Author: Natalie Hoidal

In most of the main vegetable crop groups, there are a few insects that are exceedingly difficult to manage. As you prepare for the growing season, it's a good idea to have scouting and management plans in place for your most difficult to manage insects so that you can practice preventative tactics. I've come up with a list of the insects that I consider the most difficult to manage in each major crop group, and I hope you can use it to prepare for the 2020 season. This week we'll cover flea beetles, an early season pest of cole crops. 

Tricky vegetable insects to keep an eye on in 2020: Cruciferous Flea Beetles

Flea beetles (mostly Phyllotreta cruciferae in MN cole crops) overwinter in leaf litter or hedgerows at field margins. Females emerge early in the spring and lay their eggs in the soil; eggs hatch into larvae, which feed on plant roots and pupate in the soil. We typically start to notice flea beetles when the new adult generations emerge in the spring and create pinhole like damage on leaves. While the holes are quite small, enough of them can add up to major plant damage and even plant death. Flea beetles have 1-2 generations in Minnesota, and are no longer much of a problem after mid-June. 

Strategies include:

Waiting to plant: planting in June or later will allow you to avoid flea beetle damage altogether. Starting your seeds a bit early so that your transplants are larger will also help - larger plants are better able to withstand some feeding damage. 

Using row cover: make sure to get your row cover out early enough, ideally right away when you plant. Row cover can be annoying to manage if you're trying to weed your fields every 5 days or so, but it very effectively keeps flea beetles off of your crops when they're small and most susceptible. Usually after your plants have been in the field for around 3 weeks, you'll no longer need to use row cover. 

Trap crops have been somewhat successful on farms in Minnesota. Flea beetles tend to be most attracted to the spiciest cole crops like mustard and arugula. They'll be attracted to the tallest and earliest crops, so consider planting a trap crop a week or so before your main crop, or starting it in the greenhouse ahead of time so it's more mature at transplanting. Many Extension publications promote marigolds and green onions as repellent crops, but more recent research has shown these strategies to be ineffective. Keep in mind that if you use a trap crop, you may need to manage the flea beetles in it, usually with an insecticide. Flaming them may also be an option. To read more about cover crop trials in cruciferous flea beetles, see the following:

Physical control: Many Minnesota growers use Kaolin clay to create a physical barrier between plant leaves and flea beetles. While in some cases it can be effective, research results are very mixed and location dependent. 

High tunnels: Recent work by Dr. Mary Rogers at the U of M (2019 data only - she'll have more complete results in the near future) showed that flea beetle populations were significantly lower in high tunnel grown kale, collards, and broccoli compared to field grown crops. However, cabbage worms (imported, diamondback moth, and cabbage looper) were more abundant in tunnels. Growing your brassicas in tunnels early in the year may be a good strategy to avoid flea beetles and get an early season brassica crop. This would allow you to move to field production of brassicas a little later in the year to avoid the major period of flea beetle damage and free up your high tunnels for other later season crops.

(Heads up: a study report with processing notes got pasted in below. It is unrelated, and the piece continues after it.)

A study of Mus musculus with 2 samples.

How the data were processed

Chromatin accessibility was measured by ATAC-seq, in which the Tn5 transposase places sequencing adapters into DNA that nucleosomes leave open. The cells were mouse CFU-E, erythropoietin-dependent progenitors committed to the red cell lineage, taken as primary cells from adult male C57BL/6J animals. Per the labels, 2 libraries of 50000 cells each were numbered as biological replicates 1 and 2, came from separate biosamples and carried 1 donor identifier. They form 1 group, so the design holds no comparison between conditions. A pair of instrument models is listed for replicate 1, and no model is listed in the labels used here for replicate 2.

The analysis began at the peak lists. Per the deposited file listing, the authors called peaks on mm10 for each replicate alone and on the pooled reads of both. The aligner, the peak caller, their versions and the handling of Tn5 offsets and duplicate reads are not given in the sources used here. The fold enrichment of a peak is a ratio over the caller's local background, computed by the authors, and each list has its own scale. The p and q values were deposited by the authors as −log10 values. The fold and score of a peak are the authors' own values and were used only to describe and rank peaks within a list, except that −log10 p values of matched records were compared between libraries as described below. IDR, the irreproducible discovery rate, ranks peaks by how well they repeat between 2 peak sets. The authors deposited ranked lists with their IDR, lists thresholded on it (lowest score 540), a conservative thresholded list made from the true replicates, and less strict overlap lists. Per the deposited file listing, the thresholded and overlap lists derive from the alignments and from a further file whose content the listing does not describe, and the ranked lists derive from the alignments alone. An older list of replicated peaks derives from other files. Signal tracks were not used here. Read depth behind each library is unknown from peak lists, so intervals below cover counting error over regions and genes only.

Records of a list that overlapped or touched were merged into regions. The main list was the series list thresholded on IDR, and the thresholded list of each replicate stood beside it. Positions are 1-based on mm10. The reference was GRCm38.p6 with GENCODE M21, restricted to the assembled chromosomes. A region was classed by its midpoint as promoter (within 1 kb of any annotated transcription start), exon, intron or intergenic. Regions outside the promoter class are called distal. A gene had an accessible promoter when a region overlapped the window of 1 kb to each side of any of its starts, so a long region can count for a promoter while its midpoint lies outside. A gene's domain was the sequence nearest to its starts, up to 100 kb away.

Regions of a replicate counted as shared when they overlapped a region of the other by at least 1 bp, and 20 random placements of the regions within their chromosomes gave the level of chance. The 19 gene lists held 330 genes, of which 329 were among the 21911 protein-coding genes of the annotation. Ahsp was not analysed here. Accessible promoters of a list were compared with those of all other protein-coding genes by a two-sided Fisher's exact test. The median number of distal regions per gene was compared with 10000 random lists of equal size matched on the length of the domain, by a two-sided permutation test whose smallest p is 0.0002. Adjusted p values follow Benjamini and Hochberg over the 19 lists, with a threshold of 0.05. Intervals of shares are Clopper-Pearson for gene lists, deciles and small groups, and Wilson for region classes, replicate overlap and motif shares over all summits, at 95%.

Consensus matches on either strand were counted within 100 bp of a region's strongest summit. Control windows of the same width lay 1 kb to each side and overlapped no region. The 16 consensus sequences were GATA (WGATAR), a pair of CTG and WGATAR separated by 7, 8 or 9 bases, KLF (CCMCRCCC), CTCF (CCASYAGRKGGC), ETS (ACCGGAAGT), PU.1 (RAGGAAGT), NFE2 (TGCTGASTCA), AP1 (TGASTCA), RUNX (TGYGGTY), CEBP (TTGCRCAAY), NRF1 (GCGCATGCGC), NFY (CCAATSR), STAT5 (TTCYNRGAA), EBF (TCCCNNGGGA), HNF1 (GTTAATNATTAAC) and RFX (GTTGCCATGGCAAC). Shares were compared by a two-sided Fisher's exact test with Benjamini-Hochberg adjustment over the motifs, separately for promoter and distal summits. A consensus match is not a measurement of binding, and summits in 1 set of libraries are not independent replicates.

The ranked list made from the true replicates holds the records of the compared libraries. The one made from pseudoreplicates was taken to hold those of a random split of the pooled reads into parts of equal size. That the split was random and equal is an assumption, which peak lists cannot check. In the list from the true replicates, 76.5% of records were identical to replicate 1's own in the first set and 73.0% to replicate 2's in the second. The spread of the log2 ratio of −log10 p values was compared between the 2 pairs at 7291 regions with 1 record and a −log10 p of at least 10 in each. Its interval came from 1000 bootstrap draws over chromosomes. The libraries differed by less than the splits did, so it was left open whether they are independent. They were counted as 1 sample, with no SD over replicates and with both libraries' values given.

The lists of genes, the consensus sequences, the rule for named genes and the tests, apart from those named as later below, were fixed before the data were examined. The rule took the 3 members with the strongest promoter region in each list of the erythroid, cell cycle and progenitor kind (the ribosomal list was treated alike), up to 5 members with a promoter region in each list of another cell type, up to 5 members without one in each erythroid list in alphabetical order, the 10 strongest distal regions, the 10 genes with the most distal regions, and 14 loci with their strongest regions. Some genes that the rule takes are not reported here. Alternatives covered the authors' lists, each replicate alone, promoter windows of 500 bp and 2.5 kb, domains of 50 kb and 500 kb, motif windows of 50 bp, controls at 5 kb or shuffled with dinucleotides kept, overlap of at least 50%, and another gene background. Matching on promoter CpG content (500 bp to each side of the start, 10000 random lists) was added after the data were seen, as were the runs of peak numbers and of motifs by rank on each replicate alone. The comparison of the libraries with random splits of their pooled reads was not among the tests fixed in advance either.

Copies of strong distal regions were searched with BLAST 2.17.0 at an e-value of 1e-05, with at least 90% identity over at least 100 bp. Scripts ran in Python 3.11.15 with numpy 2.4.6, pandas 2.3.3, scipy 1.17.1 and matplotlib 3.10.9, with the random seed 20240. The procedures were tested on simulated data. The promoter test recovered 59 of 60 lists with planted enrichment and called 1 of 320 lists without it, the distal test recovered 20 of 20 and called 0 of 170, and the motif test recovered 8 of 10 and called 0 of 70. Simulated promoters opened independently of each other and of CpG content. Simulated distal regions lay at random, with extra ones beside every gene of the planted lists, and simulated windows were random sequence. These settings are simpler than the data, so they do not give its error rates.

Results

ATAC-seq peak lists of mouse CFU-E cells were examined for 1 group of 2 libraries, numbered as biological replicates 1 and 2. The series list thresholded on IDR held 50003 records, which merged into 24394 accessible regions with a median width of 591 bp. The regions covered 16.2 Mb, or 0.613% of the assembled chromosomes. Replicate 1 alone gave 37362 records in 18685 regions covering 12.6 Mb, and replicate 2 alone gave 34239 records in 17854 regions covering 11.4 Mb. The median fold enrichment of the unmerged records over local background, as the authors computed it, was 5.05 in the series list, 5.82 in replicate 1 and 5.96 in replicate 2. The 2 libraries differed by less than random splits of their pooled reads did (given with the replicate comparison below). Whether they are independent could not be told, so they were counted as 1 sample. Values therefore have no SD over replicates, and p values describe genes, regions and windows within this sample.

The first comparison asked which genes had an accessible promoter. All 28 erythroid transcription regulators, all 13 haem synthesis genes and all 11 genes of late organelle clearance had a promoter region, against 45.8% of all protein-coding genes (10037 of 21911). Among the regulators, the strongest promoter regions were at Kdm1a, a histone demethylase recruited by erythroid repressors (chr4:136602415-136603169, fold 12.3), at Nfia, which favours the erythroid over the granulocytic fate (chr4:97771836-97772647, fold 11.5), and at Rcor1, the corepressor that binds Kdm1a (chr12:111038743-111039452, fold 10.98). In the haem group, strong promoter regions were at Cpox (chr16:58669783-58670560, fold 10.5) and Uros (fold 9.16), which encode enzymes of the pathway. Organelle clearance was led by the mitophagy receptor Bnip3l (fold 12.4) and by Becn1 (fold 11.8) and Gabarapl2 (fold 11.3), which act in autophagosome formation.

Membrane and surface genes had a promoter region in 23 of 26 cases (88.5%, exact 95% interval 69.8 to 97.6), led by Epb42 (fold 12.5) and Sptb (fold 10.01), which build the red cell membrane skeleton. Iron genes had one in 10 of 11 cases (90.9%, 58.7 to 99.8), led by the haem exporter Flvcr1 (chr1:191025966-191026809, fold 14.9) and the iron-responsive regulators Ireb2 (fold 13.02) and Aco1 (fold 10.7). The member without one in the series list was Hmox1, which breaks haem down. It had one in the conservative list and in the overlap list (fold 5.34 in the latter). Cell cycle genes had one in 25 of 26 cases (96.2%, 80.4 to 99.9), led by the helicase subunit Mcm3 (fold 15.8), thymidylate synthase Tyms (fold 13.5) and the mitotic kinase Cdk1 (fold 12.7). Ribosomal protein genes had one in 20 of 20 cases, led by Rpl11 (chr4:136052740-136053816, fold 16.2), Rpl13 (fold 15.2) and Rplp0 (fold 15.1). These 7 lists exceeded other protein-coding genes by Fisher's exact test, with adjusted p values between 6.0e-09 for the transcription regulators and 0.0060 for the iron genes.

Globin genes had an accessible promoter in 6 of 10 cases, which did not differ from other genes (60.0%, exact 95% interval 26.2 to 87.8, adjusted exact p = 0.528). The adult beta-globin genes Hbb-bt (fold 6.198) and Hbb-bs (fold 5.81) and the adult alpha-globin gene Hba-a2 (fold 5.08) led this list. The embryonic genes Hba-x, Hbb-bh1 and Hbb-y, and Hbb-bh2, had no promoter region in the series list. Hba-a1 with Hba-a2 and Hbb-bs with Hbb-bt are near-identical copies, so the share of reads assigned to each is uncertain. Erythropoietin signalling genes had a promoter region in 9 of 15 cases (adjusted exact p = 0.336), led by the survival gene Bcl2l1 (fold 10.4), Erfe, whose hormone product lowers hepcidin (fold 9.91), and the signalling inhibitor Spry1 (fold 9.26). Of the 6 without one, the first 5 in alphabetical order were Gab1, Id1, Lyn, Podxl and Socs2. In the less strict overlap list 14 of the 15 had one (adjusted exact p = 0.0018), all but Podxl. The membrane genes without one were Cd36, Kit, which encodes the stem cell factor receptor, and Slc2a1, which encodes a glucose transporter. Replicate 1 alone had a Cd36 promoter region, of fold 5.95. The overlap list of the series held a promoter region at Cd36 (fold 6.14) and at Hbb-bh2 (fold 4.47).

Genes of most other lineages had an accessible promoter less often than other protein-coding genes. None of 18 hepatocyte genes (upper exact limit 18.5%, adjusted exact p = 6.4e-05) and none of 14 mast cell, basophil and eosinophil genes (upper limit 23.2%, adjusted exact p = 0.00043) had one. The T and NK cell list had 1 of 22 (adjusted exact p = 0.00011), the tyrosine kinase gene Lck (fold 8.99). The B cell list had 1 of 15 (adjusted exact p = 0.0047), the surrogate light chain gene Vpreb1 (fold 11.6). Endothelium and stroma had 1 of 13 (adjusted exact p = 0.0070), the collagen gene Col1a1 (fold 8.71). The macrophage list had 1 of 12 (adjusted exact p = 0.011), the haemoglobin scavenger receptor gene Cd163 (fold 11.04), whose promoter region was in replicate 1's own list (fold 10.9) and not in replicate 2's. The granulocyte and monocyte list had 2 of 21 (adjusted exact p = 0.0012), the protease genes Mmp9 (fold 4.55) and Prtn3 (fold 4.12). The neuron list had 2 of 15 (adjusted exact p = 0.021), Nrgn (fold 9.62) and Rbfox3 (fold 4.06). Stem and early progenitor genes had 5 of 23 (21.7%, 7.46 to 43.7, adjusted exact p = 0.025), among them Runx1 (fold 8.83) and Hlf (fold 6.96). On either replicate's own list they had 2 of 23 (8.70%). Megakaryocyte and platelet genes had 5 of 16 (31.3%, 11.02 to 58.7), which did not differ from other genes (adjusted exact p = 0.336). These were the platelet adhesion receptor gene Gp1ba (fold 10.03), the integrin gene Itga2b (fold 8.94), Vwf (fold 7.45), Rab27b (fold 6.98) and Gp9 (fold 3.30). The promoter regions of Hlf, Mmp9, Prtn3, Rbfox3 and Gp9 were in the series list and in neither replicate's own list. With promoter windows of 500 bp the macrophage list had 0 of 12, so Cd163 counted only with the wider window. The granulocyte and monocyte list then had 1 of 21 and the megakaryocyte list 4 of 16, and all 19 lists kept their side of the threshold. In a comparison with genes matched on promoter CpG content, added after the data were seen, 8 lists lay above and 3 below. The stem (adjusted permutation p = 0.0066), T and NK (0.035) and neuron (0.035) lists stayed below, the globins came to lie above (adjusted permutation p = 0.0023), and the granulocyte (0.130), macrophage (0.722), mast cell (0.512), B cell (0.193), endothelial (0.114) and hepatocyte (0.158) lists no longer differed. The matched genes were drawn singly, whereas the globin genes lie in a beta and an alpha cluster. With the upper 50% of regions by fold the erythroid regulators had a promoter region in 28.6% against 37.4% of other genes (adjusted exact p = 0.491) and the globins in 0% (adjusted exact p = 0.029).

Chemical control: Insecticides are the primary control option for flea beetles. The action threshold for spraying is when 10-20% of the leaf area of your plants is damaged. While the Midwest Vegetable Production Guide For Commercial Growers is a good resource for conventional insecticides, they don't list many organic options. Spinosad has been the go-to organic product for flea beetles, but any time we use the same chemical too often we should start to worry about resistance issues. Pyrethrin products also help to reduce flea beetle populations, though not quite as well. There's been some recent work with biopesticides for cruciferous flea beetles in canola (Briar et al., 2018)* that suggests beneficial nematodes (Steinernema feltiae) may help to reduce flea beetle populations. Typically with biocontrol agents, success is very location dependent, and is also influenced by soil moisture and temperature. We have yet to learn how this system might work in Minnesota, but we're encouraged by the development of new products for organic growers!

What if you see an insect you don't recognize? 

Unless you know exactly which insects you’re dealing with, it’s impossible to develop an informed management plans. A few key tools that I like to use for insect ID are:
  • What Insect is this? This tool is user-friendly and picture-based. It’s a good place to start if you’ve got the insect in front of you, but doesn’t always include photos of the entire lifecycle. 
  • What’s Wrong with my Plant? This tool is also quite user-friendly. If you’re seeing symptoms but don’t know what’s causing them, this is a great place to start. 
  • Veg Edge insect profiles: VegEdge has a fairly complete list of the insects that affect each major vegetable crop group in Minnesota. FruitEdge serves the same purpose for fruit crops. 
*Briar et al., 2018. Potential biopesticides for crucifer flea beetle, Phyllotreta cruciferae (Coleoptera: Chrysomelidae) management under dryland canola production in Montana. Phytoparasitica. 46:247-254.